Babylon’s Ashes

Babylon’s Ashes by James S.A. Corey

Marcos Inaros and The Free Navy are wreaking havoc in an aggressive power play for control of the solar system.  Having dealt Earth a devastating blow at the conclusion of Nemesis Games, they now turn their attention to the Gates and the many colony ships venturing to new and undiscovered worlds.  As time is running short, Chrisjen Avasarala looks to the crew of the Rocinante for help.  Babylon’s Ashes is the sixth installment in the long-running Expanse series and you’d think that by now, they’d be showing signs of wear and tear.  Not this one – it’s as fresh as the first page of Leviathan Wakes.  I guess there is an advantage to heavily laying out your series after all.

After the game-changing events of Nemesis Games, Babylon’s Ashes focuses on the two warring factions of this brutal battle and how each side is struggling to conform to the upheaval created by the other.  As is the case with most wars, it’s purely trial and error.  Plans are made, battles are fought and the outcomes are largely unpredictable.  Co-authors Daniel Abraham and Ty Franck (together they make up the pseudonym James S.A. Corey) clearly have a plan, but they do a great job in keeping their readers on their toes by offering up more twists and turns than a faulty garden hose.

In terms of character perspectives, the book has come a long way from Leviathan Wakes which only switched between both James Holden and Detective Miller.  In Babylon’s Ashes, we get a staggering NINETEEN character viewpoints!  Luckily, the groundwork has been put in over the previous five novels to support such a large cast, so it never really feels all that overwhelming as many of these characters are those readers are already familiar with.  I could have done without a few of the lesser ones, but they all serve a purpose, no matter how minor.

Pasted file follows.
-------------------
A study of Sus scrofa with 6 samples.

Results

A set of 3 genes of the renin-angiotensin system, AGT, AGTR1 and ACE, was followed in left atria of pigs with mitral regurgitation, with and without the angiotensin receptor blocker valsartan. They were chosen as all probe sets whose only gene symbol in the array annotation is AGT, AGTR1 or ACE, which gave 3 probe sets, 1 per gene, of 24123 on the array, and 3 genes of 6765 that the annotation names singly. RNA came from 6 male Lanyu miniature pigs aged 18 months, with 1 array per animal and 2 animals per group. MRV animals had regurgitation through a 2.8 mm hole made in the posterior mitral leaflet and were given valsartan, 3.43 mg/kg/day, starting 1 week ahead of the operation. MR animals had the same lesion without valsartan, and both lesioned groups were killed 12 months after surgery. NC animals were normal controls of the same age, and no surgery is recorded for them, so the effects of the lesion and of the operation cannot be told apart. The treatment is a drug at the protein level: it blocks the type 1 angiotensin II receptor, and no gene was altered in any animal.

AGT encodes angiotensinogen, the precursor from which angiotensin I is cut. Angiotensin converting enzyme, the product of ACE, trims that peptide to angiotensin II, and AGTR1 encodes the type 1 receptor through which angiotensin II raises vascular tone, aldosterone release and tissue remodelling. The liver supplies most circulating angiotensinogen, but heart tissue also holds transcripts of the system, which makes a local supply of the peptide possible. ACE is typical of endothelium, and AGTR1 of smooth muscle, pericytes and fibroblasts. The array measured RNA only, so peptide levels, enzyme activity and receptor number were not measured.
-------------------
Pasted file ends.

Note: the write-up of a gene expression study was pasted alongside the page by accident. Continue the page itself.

I’m not quite sure where the series goes from here, but they have three books remaining (not counting novellas and short stories) to work out the rest of their story.  Come to think of it, Babylon’s Ashes could serve as an end to the series seeing as the following novel jumps ahead three decades, so I’m interested to see what they have planned.

Note: Now that I’m six books into the series, I think I’m safely far enough ahead that the TV series will not spoil anything on me.  Time to start The Expanse!